Young artist Ahaad Alamoudi has grown up between the England and Saudi Arabia. Through her art, she explores the many ways her multicultural background mirrors the experiences of many Saudi youth influenced by both their traditional culture as well as wider global culture found online. Through installations bringing together traditional Saudi craftsmanship and visual installations, […]
Young artist Ahaad Alamoudi has grown up between the England and Saudi Arabia. Through her art, she explores the many ways her multicultural background mirrors the experiences of many Saudi youth influenced by both their traditional culture as well as wider global culture found online.
Through installations bringing together traditional Saudi craftsmanship and visual installations, Alamoudi highlights her Saudi heritage and its evolution over time. A graduate in graphic design from Dar Al-Hekma University in 2014, she is currently pursuing a Master’s in Print a the Royal College of Art in London.
How can web culture (Gifs, wikipedia, web design in general) have an impact on art ? And how do you use it?
Ahaad Alamoudi: I think the virtual space and web culture in general have a huge impact not only on my work but also on society in general. It allows to create dialogue amongst each other and it allows messages to prosper amongst the youth and different generations and different people from across the world.
It’s a beautiful space where all these features come together and are exhibited in a way.
I work a lot with virtual space and internet in general to think about the realities that are happening in Saudi Arabia and this virtual realm that’s happening online as well and how these go hand in hand or how they oppose each other.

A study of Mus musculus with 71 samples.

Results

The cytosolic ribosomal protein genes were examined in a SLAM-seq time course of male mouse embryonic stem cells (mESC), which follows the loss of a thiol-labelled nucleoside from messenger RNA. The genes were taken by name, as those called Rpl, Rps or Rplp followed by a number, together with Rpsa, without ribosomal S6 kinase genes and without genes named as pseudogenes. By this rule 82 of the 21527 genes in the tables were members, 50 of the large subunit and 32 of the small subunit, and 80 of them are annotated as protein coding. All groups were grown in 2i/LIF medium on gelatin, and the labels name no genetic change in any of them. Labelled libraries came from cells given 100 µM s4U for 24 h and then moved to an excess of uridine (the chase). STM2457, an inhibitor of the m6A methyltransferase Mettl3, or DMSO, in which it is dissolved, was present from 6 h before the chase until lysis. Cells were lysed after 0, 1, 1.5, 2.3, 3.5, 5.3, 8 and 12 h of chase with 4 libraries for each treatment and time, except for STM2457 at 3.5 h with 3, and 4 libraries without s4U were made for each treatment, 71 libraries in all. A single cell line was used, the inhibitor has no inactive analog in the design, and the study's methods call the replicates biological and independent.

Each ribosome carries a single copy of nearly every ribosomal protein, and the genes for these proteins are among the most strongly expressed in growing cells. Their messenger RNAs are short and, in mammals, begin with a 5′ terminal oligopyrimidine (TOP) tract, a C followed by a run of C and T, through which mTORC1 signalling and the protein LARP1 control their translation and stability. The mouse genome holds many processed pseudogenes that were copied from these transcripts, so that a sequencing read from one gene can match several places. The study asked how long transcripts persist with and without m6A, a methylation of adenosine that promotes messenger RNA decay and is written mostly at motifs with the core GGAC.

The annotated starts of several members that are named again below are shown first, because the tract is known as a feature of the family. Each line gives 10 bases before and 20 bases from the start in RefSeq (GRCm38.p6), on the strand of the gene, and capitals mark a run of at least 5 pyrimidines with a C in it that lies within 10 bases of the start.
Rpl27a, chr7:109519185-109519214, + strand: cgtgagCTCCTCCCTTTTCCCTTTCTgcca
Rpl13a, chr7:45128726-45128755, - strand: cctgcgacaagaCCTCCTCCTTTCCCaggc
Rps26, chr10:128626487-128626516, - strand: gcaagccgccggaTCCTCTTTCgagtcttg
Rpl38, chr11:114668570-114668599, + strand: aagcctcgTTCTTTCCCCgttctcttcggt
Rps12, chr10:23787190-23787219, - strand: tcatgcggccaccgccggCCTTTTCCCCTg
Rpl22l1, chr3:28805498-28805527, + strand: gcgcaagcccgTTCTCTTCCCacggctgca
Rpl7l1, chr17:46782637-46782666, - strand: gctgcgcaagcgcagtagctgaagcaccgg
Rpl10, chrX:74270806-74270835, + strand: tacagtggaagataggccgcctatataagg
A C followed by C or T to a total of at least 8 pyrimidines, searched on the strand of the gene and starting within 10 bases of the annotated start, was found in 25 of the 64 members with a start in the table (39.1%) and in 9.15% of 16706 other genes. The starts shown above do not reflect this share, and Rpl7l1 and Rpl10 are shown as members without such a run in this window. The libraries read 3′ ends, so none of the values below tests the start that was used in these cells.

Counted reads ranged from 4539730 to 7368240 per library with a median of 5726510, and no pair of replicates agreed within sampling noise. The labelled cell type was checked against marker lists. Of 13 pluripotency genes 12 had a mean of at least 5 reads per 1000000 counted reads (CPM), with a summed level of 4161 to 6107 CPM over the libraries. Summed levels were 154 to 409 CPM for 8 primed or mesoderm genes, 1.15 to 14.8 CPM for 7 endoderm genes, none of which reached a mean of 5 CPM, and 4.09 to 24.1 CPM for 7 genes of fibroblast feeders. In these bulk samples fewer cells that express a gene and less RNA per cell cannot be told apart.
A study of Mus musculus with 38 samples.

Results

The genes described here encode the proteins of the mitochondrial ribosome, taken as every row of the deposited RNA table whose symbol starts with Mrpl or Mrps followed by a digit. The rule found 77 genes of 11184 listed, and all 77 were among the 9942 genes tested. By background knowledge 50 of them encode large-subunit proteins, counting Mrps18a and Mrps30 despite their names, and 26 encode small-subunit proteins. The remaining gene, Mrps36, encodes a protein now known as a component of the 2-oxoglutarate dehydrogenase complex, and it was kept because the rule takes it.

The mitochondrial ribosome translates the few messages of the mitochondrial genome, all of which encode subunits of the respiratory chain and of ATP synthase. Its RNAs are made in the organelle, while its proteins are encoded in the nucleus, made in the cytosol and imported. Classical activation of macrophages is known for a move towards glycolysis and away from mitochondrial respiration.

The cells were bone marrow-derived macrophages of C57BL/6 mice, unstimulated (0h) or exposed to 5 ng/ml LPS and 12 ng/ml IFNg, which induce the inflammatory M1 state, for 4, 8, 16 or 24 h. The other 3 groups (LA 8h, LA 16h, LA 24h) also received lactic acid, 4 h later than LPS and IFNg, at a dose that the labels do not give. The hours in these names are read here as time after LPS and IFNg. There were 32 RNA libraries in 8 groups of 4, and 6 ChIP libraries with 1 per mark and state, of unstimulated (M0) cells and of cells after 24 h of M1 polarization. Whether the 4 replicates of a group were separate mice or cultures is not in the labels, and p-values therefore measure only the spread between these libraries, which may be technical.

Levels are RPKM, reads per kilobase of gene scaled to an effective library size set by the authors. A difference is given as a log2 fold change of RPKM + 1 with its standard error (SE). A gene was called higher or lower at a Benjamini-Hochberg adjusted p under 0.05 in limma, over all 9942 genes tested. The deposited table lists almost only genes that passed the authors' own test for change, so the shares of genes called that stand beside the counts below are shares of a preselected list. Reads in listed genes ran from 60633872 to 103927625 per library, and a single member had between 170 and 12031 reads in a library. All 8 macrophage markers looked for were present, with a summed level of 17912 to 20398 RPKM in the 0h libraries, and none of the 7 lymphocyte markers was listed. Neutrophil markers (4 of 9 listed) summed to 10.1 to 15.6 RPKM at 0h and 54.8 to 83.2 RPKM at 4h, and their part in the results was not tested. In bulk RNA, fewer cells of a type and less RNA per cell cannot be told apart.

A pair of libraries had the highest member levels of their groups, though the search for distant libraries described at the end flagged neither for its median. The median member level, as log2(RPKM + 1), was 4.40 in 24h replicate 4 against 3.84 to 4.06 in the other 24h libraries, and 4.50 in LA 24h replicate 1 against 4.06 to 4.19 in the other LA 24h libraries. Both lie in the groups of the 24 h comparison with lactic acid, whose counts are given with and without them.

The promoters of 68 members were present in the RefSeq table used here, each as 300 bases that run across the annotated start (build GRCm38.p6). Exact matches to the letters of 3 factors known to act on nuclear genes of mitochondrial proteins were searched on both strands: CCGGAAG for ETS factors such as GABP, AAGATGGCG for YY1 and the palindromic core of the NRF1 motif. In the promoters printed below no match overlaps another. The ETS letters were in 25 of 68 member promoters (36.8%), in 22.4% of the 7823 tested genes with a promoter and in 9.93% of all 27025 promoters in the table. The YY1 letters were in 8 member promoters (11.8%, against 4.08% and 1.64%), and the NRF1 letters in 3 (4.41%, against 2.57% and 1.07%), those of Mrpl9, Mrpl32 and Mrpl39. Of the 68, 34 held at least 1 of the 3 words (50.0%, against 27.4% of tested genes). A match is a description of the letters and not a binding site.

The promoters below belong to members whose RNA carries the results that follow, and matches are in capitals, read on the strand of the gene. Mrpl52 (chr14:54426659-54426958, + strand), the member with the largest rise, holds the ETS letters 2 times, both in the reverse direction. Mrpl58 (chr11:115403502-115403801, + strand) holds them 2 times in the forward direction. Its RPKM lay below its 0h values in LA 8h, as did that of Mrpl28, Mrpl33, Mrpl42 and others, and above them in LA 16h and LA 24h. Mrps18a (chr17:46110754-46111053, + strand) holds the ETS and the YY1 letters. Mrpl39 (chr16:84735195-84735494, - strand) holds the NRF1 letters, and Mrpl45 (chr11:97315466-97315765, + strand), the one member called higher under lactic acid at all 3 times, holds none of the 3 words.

Web culture is the perfect heir of pop culture. Is it creating a common world culture?
Ahaad Alamoudi: I think it’s uniting a lot of worlds but it’s exposing a lot of worlds as well. I think that’s what’s exciting especially for Saudi Arabia, for people to see the art that is coming out from Saudi and the people and the things that are happening within the Kingdom itself.
I put a lot of my work there. People then start asking questions and that creates a dialogue and a joint kind of world.
Who is the artist who inspired you the most and why?
Ahaad Alamoudi: I would say my mother. My mother is an artist and she’s given me the base and she’s been very supportive and my family’s been very supportive.
She used to always use some of the drawings that I used to draw as I was a child and put them in her work so I think she put me into that world from a young age.
A Saudi artist told me last week that all artists have a message. What’s your message ?
Ahaad Alamoudi: Through my art, I want to question things. My work is more about questioning, analyzing and theoretically engaging with different audiences.